Some of Romford's older residents still think of the Royal Liberty School as "the grammar school".
The boys' comprehensive occupies the run-down former stately home Hare Hall, a grade II listed building in large grounds, located in what the chairman of governors calls London's "leafy suburbs".
In 75 years, the Essex school has had just five headteachers. This year 42 per cent of its boys got five or more good GCSEs. Fewer than one in six qualifies for free school meals, parents are highly supportive and truancy is below average.
Yet it is failing. It has been on special measures since its inspection 12 months ago. And Mark Morrall, the new headteacher, is in no doubt the Office for Standards in Education got it "absolutely right".
"Time and time again the report says the kids were being responsive but the diet the teachers were offering was appalling, " he says. "The kids knew how to behave but the teachers had become complacent. "
Royal Liberty is one of a handful of schools which occupy something of an OFSTED grey area - schools with decent results which disguise the fact they are failing their pupils.
And it is an extreme example of a much wider group of "coasting" schools which will find it increasingly difficult in 1998 to hide behind their GCSE pass rates.
Underscoring the line taken in Labour's White Paper in July last year, school standards minister Stephen Byers, told a recent Industrial Society conference: "Perhaps 40 or 50 per cent of schools are just coasting, getting by but able to do a lot better. It's those schools which will lead to a quantum leap in the level of achievement."
That shift in focus is endorsed by OFSTED, whose chief inspector, Chris Woodhead, was involved in drafting the White Paper. Next month, OFSTED plans to send every school in the country information that compares their results with those of similar schools.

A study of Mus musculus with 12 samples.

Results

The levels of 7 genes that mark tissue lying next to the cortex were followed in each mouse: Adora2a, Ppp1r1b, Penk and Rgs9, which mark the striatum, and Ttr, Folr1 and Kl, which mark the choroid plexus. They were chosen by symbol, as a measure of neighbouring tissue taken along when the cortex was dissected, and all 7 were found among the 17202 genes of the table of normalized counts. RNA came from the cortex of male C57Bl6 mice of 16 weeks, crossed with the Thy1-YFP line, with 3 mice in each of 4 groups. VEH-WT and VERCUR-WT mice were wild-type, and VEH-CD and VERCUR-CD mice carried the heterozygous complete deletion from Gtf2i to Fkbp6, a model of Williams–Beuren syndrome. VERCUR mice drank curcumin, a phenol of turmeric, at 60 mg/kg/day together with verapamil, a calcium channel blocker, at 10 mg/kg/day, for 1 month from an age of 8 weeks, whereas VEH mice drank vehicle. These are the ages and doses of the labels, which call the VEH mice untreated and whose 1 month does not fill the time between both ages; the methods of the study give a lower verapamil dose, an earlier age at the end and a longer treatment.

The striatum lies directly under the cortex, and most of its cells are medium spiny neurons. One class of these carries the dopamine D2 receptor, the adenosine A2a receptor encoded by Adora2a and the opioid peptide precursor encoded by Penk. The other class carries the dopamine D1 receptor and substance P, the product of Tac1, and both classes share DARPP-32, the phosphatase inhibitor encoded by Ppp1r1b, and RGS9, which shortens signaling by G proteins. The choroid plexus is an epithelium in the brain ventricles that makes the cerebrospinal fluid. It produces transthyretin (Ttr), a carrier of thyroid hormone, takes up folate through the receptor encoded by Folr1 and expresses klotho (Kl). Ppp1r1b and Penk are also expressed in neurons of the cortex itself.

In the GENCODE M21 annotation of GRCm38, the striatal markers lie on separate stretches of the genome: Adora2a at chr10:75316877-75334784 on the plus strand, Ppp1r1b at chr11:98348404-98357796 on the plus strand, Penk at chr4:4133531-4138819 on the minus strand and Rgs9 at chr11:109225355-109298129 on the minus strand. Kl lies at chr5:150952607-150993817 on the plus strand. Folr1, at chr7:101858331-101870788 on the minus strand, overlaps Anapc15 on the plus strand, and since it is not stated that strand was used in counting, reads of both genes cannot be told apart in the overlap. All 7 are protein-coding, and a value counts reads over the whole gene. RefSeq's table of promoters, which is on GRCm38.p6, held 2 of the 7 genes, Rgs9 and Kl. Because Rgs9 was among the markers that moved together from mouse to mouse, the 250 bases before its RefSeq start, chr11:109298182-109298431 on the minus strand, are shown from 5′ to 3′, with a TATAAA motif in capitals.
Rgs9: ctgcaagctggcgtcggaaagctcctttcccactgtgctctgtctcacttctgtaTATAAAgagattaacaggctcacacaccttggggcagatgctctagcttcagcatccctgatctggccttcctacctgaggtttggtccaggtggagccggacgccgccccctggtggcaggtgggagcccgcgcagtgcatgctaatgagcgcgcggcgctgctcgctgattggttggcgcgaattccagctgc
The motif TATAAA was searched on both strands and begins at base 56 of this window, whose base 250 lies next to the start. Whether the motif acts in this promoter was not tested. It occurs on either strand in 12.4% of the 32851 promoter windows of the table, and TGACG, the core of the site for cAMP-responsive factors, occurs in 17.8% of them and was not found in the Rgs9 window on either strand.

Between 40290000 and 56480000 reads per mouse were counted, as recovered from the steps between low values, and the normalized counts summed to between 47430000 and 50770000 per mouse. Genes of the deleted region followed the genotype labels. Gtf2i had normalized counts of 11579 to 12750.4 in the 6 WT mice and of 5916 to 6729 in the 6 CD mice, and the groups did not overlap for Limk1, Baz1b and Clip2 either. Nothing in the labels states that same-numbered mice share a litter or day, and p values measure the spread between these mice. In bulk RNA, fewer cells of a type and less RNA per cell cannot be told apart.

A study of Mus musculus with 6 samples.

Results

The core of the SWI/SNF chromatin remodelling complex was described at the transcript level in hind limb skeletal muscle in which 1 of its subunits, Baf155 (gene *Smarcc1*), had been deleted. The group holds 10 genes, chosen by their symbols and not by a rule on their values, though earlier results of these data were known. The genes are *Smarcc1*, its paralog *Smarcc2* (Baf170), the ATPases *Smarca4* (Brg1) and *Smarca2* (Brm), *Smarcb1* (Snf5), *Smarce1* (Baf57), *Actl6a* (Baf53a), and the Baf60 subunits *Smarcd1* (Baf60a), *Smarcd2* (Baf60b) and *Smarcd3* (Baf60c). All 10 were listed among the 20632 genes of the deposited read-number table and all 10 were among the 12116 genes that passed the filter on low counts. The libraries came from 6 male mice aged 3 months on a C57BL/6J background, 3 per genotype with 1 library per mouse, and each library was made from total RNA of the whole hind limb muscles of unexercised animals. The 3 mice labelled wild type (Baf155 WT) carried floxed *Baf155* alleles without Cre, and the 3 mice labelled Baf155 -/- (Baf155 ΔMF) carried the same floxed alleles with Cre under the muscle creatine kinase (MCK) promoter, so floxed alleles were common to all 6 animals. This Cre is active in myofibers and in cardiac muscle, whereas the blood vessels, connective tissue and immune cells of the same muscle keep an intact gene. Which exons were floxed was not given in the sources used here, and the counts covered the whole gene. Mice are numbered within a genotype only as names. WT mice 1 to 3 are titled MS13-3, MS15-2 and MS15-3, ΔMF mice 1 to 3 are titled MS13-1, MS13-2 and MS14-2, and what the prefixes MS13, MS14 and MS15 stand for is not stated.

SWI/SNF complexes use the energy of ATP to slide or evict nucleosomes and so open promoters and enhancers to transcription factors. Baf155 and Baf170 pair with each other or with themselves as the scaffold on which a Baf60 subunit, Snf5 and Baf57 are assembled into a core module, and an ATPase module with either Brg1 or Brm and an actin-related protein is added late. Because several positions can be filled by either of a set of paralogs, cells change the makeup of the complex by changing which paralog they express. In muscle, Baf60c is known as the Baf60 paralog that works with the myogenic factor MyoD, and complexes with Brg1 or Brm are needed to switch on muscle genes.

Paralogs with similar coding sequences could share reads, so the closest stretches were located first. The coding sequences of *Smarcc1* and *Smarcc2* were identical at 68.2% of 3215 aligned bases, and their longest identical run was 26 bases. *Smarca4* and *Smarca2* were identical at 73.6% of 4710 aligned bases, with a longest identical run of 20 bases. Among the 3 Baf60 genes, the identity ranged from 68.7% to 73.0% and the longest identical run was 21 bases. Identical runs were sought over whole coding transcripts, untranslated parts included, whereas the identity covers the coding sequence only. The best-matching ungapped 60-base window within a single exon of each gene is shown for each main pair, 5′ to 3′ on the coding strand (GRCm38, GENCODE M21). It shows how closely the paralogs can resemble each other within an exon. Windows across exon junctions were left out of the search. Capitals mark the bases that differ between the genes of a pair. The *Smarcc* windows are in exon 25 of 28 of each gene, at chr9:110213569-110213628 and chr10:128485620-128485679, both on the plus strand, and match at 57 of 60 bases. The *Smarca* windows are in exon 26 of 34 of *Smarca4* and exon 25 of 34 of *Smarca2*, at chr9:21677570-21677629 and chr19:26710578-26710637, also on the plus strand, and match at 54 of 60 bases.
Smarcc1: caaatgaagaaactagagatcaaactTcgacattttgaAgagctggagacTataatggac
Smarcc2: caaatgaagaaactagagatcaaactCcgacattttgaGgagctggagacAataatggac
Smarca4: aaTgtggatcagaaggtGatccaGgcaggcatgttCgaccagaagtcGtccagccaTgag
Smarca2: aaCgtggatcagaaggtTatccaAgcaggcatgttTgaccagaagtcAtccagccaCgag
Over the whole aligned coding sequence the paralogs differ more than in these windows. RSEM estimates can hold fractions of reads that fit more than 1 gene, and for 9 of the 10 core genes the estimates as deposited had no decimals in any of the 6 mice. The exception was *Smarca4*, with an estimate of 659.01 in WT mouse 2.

OFSTED says it has always judged schools against rigid criteria and will fail any school that does not meet them, regardless of results. But it acknowledges Royal Liberty does not fit the usual mould for failing schools, which to date have overwhelmingly been found in urban or inner-city areas.
Its March 1997 publication, From Failure to Success, described a weak secondary as typically having bad GCSE results, poor behaviour and attendance, and high exclusion rates.
Royal Liberty, by contrast, has had creditable results for boys throughout the 1990s, even if to call it coasting would be generous. Pre-inspection it averaged 27 per cent for five good passes - 1996's 28 per cent was seven points below the national average for comprehensive boys. But the head reckons that was 10 points below what the boys were capable of. Last year's 42 per cent is the highest of any school on special measures, and the previous year it ranked among the top half dozen.
In other words, pupils have done well in spite of the teaching, which in almost half the lessons seen by OFSTED was less than satisfactory.
"Teachers hadn't sharpened up their professional skills," Mr Morrall says."Schemes of work were not in place in all subjects. The notion of a variety of teaching styles was not evident. It was very much eyes down and get on with your work." But what was obvious to him from his experience of failing schools was not obvious to others.
Governors were "devastated" by the OFSTED verdict, says their chairman Ruth Laws. Parents organised a 300-strong meeting to tell OFSTED it had got it wrong. The local authority, Havering, was more realistic about its first failing school. The former head took early retirement.
Mr Morrall, former deputy head at Phoenix school in Hammersmith, says there are distinct similarities with his old school, the London comprehensive fted by Labour as an example of a failing inner-city school successfully relaunched.
"Middle management didn't really exist, " he said. "There was no party line, so different signals confused staff. There was missing infrastructure. Teachers were not used to being observed or getting structured feedback."
Royal Liberty is already a changed school, and hopes greater transformation lies ahead. Key new senior appointments have been made. A lottery bid to the Heritage Fund for a large-scale revamp of the site (any changes need English Heritage approval) is being prepared.
Mr Morrall believes, with appropriate loyalty, that his school is a sleeping giant. "Once we get through this difficult period we will be a showpiece for the authority," he predicts.